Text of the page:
The Ella Baker Center for Human Rights has a 10-year history -- which it marked Sept. 14 with an anniversary gala in Oakland -- of aggressive opposition to police abuse, racism, economic injustice, and the get-tough policies that have created record-high incarceration rates.
Those problems have only gotten worse over the last decade, despite some significant successes by the group in both Oakland and San Francisco. But these days, founder and director Van Jones sounds more like a hopeful optimist than an angry radical.
"When we first got started, our politics were more about opposition than proposition," Jones told the Guardian. "We were more clear what we were against than what we were for."
An organization once prone to shutting down the halls of power with sit-ins is now working on prison reform legislation, doing antiviolence public education campaigns, and promoting the potential for a green economy to revitalize West Oakland and other low-income communities.
"Now, I'm in a place where I want to see the prisoners and the prison guards both come home and get some healing," Jones said.
Some of that transformation comes from Jones's evolving critique of progressive political tactics, which he has come to see as ineffective. "Our generation would be better if we had a little less New Left and a little more New Deal."
But the change was also triggered by a personal epiphany of sorts following his unsuccessful effort to stop the passage in 2000 of Proposition 21, which sent more minors into the adult correctional system.
"I went into a major depression and I almost quit being an activist," Jones, an attorney who turns 38 this month, told us. "It was a very personal journey, but it had a big impact on the Ella Baker Center."
The change has made allies of former enemies, like radio station KMEL, which was vilified for selling out the Bay Area hip-hop culture after Clear Channel Communications purchased the station, but which is now helping the Ella Baker Center spread its antiviolence message.
The center has also attracted a new breed of employees to its ranks of 24 full-time staffers, people like Communications Director Ben Wyskida, who moved here from his Philadelphia communications firm last October. As he told us, "What drew me to the Ella Baker Center was this message of hope."
Jones has a critique of the problems and those in power that is as radical as ever, noting that authoritarians have taken power and essentially dismantled our democratic institutions. But he's moved from diagnosis to prescription, telling us, "I think the 'fuck Bush' conversation is over."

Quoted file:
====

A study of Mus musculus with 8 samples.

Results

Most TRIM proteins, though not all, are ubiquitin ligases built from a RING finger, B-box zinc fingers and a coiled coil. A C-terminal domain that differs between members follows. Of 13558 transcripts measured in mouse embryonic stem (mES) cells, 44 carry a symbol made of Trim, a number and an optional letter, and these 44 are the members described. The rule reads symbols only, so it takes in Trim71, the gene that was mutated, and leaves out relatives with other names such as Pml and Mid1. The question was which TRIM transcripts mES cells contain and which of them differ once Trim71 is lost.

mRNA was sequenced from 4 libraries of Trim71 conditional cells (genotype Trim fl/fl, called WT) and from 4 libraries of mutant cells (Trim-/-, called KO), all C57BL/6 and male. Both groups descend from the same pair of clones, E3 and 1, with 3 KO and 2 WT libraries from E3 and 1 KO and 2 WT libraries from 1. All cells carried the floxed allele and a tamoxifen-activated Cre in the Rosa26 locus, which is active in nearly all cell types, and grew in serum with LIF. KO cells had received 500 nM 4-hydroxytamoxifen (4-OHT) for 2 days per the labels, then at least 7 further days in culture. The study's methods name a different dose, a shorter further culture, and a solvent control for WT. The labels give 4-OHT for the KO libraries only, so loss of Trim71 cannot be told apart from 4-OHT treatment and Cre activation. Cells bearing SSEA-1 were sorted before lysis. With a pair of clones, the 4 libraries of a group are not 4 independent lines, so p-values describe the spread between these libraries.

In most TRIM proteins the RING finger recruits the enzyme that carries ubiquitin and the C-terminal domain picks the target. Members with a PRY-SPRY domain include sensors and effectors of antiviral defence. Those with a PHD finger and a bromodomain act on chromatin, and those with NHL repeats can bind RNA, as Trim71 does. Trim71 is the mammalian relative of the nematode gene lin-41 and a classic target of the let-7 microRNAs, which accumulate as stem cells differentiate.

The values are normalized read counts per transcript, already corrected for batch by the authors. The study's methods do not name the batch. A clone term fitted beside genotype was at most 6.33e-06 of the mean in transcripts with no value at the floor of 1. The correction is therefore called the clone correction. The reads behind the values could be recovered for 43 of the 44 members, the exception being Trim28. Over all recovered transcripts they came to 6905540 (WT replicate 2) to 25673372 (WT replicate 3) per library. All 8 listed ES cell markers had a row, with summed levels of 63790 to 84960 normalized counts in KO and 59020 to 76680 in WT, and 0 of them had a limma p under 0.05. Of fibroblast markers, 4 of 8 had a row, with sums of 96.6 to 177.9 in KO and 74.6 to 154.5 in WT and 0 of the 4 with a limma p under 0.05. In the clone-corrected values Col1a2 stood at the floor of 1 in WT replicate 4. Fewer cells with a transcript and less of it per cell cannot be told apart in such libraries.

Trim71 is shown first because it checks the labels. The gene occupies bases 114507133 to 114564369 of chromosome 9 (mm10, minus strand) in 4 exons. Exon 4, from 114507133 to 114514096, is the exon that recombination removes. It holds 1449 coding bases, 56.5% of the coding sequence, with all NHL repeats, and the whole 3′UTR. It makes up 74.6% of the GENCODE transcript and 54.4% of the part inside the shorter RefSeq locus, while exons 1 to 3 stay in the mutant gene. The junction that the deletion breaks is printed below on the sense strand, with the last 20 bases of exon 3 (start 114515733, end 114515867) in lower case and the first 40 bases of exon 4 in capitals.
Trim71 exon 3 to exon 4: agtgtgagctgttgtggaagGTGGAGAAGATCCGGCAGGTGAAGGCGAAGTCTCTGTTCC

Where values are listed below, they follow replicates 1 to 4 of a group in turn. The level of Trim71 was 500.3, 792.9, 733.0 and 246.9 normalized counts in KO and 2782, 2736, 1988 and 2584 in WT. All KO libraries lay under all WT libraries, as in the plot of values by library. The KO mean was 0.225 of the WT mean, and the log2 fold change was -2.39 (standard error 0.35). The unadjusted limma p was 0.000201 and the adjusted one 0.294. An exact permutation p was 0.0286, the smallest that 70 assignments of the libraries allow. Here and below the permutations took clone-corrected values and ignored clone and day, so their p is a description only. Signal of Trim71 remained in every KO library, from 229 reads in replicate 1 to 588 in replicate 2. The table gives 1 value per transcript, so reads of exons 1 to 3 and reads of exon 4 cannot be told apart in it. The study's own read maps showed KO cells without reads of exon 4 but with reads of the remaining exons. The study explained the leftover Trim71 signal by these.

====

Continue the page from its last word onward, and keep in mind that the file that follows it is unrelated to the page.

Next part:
His new approach hasn't always gone over well with his would-be allies. Environmental groups including Greenaction boycotted Mayor Gavin Newsom's photo-op posturing during World Environment Day last year, and they were critical of Jones for validating the event and using their absence to grab the media spotlight for his green economy initiatives.
But Jones tells us he doesn't get rattled by criticism that he's playing nice with the powerful because he remains committed to helping the underclass. "The most important thing is to know who you're for and know your history."
And if the group's 10th anniversary black-tie celebration in the Oakland Rotunda was any indication, the Ella Baker Center has more support now than at any other time in its history.
The guest list for the event was a veritable who's who of every major political, grassroots, and environmental organization on the West Coast. Guests included Code Pink cofounder Jodie Evans, Mother Jones publisher Jay Harris, and actor-activist Danny Glover.
"Radical means root -- that's what we have always been addressing," Jones told us at the event. "We used to spend a lot of time pointing out the hurt in the community. Now we connect the points of hope."
To Jones, hope means tying the need to save the planet from global warming to the need for economic development in Oakland. "Let's make it into job opportunities for poor people and build a green economy strong enough to lift us out of poverty. That's hope. We want to take people out of the prison cells, into solar cells."
Jones's allies see him as a silver-tongued visionary, a lighting rod who can bridge movements with apparently differing agendas. Activist Julia Butterfly Hill, a longtime friend and political ally of Jones, told us at the event, "Van shows he cares and he's human, and he puts himself out there on the line. That's why you saw this coming together. This is the voice, this is the conversation that the planet is literally dying for, and I really mean sick and dying for."
The evening, a spirited celebration of hope and achievement, gave influential friends a chance to size up where the group has been and where it's headed. As Harris of Mother Jones told us, "Van is a big thinker. He really engages people's imaginations in terms of what could be. There's one way, which is to fight against the system. Van's way is to reimagine the system."
There to bless the event, Glover warmly heaped his own praise on Jones by comparing him to the Civil Rights Movement worker who is the organization's namesake. "When I think of Ella Baker and what she stood for, Van carries on that work, and I think that's vital. We envision ourselves through the women and men that set a certain standard. Van sets a certain standard."